Otto Warmbier, jailed US student, reportedly in coma after being freed by North Korea
Otto Warmbier, the college student arrested, tried and imprisoned in North Korea for more than a year for trying to swipe a souvenir from a hotel, has been released but is reportedly in a coma.
The 22-year-old Warmbier has served just over a year of his 15-year sentence — allegedly for taking down a sign of the late dictator Kim Jong Il while Warmbier was in the country with a tour group. As of Tuesday morning, Warmbier was on his way home to Cincinnati, although other details surrounding the dramatic events were not released.
“At the direction of the President, the Department of State has secured the release of Otto Warmbier from North Korea,” Tillerson said. “Mr. Warmbier is en route to the United States, where he will be reunited with his family. The Department of State continues to have discussions with the DPRK regarding three other U.S. citizens reported detained. Out of respect for the privacy of Mr. Warmbier and his family, we have no further comment on Mr. Warmbier.”
“Our son is coming home,” Fred Warmbier told The Washington Post Tuesday morning, after his son had been evacuated from North Korea. “At the moment, we’re just treating this like he’s been in an accident. We get to see our son Otto tonight.”
Warmbier’s exact condition was not known, but his parents said they were told that he had gotten botulism soon after his trial and been given a sleeping pill, from which he never woke up. State Department officials were unable to confirm this.
The U.S. has no diplomatic relations in North Korea. Foreigners who have been detained or imprisoned in the Hermit Kingdom often have a shared experience: confusion, coached confessions, communication blackouts and isolation.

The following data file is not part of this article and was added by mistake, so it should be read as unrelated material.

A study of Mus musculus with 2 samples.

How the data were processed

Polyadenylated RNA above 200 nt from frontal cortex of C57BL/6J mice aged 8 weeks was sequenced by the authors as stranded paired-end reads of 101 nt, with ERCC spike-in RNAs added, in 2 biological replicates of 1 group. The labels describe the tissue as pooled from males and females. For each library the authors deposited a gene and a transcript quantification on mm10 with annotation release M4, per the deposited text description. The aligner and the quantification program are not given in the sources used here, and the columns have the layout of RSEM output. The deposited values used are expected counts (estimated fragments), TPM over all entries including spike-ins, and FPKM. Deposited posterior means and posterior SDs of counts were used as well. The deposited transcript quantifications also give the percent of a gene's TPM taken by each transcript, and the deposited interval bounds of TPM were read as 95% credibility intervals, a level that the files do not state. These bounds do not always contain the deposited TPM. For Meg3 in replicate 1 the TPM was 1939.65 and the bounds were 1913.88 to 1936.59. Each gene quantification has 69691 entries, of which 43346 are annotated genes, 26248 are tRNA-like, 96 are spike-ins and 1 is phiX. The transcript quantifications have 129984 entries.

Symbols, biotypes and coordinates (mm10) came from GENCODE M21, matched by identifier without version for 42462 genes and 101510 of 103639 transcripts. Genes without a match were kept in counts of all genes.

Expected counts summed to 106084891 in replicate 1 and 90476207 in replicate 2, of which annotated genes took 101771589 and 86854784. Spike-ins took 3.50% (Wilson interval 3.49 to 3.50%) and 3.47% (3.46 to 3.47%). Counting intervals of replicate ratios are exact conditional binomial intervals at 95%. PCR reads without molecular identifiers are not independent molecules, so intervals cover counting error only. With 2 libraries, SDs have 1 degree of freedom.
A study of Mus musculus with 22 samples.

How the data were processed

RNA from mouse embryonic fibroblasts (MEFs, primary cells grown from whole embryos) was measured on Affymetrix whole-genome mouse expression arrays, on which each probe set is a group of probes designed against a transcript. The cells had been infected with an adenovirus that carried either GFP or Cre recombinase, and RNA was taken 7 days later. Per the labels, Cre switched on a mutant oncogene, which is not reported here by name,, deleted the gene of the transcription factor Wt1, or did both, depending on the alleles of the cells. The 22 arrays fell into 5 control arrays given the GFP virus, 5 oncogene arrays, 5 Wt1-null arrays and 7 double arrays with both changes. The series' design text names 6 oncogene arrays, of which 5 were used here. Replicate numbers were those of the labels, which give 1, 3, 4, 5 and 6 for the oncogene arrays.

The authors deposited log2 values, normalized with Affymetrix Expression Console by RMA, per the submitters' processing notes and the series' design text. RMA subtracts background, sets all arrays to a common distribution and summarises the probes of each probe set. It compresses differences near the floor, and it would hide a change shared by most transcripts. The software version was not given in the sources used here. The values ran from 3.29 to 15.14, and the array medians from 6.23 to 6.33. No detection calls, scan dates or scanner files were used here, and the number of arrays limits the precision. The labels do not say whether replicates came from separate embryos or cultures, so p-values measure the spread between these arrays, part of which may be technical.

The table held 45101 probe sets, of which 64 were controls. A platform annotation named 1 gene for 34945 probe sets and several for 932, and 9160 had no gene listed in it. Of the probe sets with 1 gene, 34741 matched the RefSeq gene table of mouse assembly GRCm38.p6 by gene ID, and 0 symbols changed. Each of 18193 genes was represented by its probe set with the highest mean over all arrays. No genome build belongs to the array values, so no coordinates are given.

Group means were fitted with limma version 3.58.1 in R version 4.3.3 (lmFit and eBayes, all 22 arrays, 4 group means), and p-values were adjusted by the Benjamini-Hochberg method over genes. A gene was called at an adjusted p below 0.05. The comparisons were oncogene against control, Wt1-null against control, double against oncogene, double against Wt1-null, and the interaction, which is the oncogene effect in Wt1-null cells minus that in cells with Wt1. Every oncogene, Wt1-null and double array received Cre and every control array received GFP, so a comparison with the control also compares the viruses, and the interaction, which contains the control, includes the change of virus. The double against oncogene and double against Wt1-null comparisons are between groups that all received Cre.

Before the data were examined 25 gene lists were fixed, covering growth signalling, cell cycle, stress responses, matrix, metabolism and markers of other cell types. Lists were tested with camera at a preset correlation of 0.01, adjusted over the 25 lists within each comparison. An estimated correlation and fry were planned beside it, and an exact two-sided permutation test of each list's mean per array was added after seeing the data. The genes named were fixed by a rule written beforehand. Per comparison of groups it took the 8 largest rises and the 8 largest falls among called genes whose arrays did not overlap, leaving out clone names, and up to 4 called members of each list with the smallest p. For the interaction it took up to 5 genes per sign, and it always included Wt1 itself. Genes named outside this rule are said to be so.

Warmbier was detained on Jan. 2, 2016, at Pyongyang International Airport, while visiting the country as a tourist with Young Pioneer Tour. He was charged with stealing the sign from a staff-only floor in the Yanggakdo International Hotel in Pyongyang and committing “crimes against the state.” He was given a one-hour trial in March 2016, when the government presented fingerprints, CCTV footage and pictures of a political banner to make its case against the American student.
“I beg that you see how I am only human,” Warmbier said at his trial. “And how I have made the biggest mistake of my life.”
Despite his pleas, the college student was sentenced to 15 years of hard labor. In a post-trial video released to the world, Warmbier, under obvious duress, praised his captors for his treatment and for handling of the case “fair and square.”
Warmbier’s release leaves three U.S. citizens currently known to be held in North Korea: accounting professor Kim Sang Duk, businessman Kim Dong Chul and Kim Hak-Song, who worked at Pyongyang University.
Warmbier’s release comes amid simmering tensions between the U.S. and North Korea, largely owing to Pyongyang’s continued testing of nuclear-capable missiles.